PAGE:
The following is a guest contribution by Houston dance and health writer, Nancy Wozny (aka @dancehunter).
I’ve written about sleep so much that I could write this story in my sleep.
But thanks to the eight hours of sleep I had last night, I don’t have to. Besides a full studio of students, sleep is the one thing a dance teacher needs and often goes without. With a list of worries to keep one up all night, it makes sense to improve one’s sleep hygiene.
A good night’s sleep is vital to every human function, from metabolism to memory. The more we know about sleep, the more we understand its connection to learning. Sleep is when our body does its repair work. We need it, and about half of Americans are sleep deprived. This could be you or your students.
Here’s what you need to know.
Dark rooms work best. Even light creeping in from a nearby gas station can keep an optic nerve active. Check your bedroom for light leaks.
We sleep better in a cool room. It should be cooler than your living space. This is why all the new fangled pillows and mattresses offer cooling features.
Caffeine past two in the afternoon cuts into your late stage sleep, where all the good stuff happens. You may not even be aware of how caffeine is affecting your sleep. Keep coffee a mourning or early lunch beverage.
Our bodies love habit. Go to bed and get up at the same time every day, even weekends. I know, that’s hard. Sleeping in will throw your schedule off.
That computer screen is not like hot milk at all! LED light works against a good night’s sleep, as does the evening news. Set the scene, have some herb tea, take a bath, read a book. Make yourself sleepy.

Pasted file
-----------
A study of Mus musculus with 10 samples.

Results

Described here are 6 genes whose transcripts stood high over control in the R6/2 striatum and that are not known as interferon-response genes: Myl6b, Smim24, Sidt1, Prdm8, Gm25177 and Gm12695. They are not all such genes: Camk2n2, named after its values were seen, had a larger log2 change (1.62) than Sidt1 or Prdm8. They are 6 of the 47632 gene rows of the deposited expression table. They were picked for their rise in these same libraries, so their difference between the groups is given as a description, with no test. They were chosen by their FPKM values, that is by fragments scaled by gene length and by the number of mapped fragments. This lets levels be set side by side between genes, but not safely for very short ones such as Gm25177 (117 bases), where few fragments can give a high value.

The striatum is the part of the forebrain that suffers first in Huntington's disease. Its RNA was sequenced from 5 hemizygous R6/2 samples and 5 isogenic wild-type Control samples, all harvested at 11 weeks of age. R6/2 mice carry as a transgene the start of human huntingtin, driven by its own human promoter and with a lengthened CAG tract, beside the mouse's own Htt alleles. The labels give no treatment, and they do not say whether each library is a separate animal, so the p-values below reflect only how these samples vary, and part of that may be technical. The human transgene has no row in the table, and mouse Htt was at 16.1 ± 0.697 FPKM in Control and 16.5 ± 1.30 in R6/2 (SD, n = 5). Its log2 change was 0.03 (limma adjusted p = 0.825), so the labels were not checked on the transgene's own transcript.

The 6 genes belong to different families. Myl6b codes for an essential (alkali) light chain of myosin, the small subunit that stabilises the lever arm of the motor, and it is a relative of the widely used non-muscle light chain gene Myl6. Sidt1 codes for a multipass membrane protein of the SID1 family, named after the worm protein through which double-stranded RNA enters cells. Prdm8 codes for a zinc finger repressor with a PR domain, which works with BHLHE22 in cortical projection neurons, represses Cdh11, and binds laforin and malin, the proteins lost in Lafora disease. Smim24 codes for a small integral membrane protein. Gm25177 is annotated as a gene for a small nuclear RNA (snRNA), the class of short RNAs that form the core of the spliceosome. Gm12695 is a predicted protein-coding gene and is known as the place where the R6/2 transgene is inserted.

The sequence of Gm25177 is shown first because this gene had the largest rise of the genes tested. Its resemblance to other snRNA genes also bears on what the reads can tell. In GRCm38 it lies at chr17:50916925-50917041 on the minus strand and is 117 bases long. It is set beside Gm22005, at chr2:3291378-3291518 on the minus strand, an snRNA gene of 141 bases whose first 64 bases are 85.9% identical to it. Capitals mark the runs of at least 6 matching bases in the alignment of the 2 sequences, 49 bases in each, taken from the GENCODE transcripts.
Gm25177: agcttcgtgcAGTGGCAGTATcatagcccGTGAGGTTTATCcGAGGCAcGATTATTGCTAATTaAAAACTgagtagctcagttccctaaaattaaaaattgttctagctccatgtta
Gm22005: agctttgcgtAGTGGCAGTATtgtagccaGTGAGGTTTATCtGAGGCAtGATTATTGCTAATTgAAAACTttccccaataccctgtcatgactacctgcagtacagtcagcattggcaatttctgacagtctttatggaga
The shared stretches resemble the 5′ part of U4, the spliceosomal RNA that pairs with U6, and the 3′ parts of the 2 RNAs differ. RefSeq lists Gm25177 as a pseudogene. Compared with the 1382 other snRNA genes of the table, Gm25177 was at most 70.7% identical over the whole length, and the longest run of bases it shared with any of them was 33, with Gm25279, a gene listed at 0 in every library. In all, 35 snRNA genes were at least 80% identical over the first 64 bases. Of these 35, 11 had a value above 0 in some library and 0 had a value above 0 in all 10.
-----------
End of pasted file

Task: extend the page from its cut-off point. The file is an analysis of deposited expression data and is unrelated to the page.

Everyone suffers from a sleepless night from time to time. The bill you didn’t pay, the combination that you forget to figure out, the music for the recital that has yet to be determined are all things that can pester your mind in the night hours. If you find yourself tossing and turning, the best thing to do is to get up. You want your brain to think your bed is where you sleep. If you are worried that you might forget something, by all means, get up and do that thing.
Naps are sleep’s little cousins. A twenty-minute power nap can revive you for the afternoon hours. Remember to keep it short or you will feel more tired.
Re-frame sleep as something you do so you can continue to spread the joy of dance.
If you have continued problems with sleeping, consult your doctor. You can learn more about sleep disorders at the Methodist Hospital Sleep Center. Learn more about how to improve your sleep from Dr. James B. Maas at Sleep for Success.
Nancy Wozny is the editor of Arts + Culture Houston, a frequent contributor to Dance Magazine’s Your Body Column, and a former Feldenkrais teacher with 15 years of clinical experience. She contributes to Pointe Magazine, Dance Teacher, Dance Source Houston, Culturemap and other publications. She sleeps and writes from Houston, TX.